I was in first grade on September 11th, 2001. It’s one of the few days of that year I remember with any detail, and even then my memory is kind of spotty. I remember seeing images of the two towers—what remained of them, anyway—on the news and thinking that whatever had happened was going to be a big deal. I knew it wasn’t a movie. I knew that it wasn’t a temporary thing. I knew that something unforgivable and unforgettable had happened.
More than that day, I remember the commemorative activities we did in the years that followed. In second grade, we spent the morning making key chains with the letters VA, PA and NY on them. My eighth grade history teachers had a poster on his wall with the names of every victim of the attack on the towers, and I spent a lot of my time in the class trying to read them all. Even now, 13 years later, most of us spend the day swapping stories of where we were when we first heard of the tragedy.
This is not a day of shame. We didn’t do anything wrong. This is a day of grief, memorial, and patriotism.
This day has been christened “Patriot Day” since 2002 (it’s a legitimate holiday), and I can’t think of a more fitting name. True, this day is more commonly called 9/11 or September 11th, but I think that the two names have different connotations. References to the date itself inspire fear and pain. It brings back the terror that every man, woman, and child felt in the time following the attacks. It was a time of uncertainty and doubt, and it was one of the worst, if not the worst experience that the American people have collectively experienced.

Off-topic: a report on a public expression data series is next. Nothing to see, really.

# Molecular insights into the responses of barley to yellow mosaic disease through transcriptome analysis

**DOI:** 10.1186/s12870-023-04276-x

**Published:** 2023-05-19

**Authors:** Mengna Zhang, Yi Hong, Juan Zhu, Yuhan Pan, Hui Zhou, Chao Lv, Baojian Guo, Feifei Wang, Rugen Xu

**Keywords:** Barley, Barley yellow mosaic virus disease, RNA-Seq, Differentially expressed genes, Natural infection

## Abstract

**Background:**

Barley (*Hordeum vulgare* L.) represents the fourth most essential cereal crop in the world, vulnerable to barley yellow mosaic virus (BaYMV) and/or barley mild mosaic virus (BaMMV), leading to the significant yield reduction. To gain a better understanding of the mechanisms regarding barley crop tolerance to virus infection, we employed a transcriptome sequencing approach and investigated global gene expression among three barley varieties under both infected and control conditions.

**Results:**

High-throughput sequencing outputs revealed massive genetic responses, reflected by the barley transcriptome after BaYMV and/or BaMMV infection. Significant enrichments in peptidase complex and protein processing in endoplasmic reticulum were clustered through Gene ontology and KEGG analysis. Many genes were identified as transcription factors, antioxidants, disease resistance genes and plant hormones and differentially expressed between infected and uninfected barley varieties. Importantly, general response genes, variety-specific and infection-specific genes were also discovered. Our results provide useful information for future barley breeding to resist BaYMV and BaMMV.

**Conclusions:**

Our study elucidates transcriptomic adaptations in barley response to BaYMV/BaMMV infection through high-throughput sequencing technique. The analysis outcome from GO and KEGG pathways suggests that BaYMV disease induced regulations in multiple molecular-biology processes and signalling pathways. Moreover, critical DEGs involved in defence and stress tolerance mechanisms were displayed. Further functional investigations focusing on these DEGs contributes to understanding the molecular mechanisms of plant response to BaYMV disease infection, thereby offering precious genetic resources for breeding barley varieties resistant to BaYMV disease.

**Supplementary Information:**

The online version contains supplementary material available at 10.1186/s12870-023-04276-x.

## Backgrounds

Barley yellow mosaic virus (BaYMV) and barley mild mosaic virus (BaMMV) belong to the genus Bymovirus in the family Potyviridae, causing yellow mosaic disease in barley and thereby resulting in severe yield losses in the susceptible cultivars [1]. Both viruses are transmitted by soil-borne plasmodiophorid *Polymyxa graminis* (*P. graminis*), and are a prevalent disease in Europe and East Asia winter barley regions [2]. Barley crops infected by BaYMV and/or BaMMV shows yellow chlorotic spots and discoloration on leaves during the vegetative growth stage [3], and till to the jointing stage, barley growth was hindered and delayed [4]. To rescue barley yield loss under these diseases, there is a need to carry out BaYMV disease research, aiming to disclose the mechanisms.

But as sick as it sounds, one good thing came out of the September 11th attacks: Americans all across this land finally agreed on something. We all got together and wanted—in one form another—to beat the living hell out of whoever did this to our people and our sense of security. We grieved together. We stood by one another. We didn’t identify as Republican or Democrat, we identified as a mass of 300 million people that had been wronged in the worst way imaginable. It’s a shame that that feeling requires a national tragedy, but that’s another rant for another day.
I do not personally know anyone involved in the attacks. I have friends who lost relatives or know eyewitnesses, but that’s as far as my experience goes. This day means something different for them, something that I can’t speak to because I’m simply not in the position to. It’s not something I have any right pretending to understand.
I do know a lot of people that have chosen to serve—military or police/fire/EMS—because of 9/11. This event was powerful enough to get them to change the course of their lives. Thank you, guys, for taking action instead of wishing that something would change in this world.
The best way to honor the fallen, both of the body and the spirit, is to remember them. Treat this day as something sacred. Mourn with respect and grace.
The phrase “never forget” is associated with a lot of world tragedies, but to Americans it hits home in the second week of September. Those words don’t refer to the physical buildings that we lost. It means that we can’t forget what this day meant to entire generations of Americans—and never forget the unity that we felt in the days after. Never forget what how the victims died. Never forget that it is our job to defend the country we love.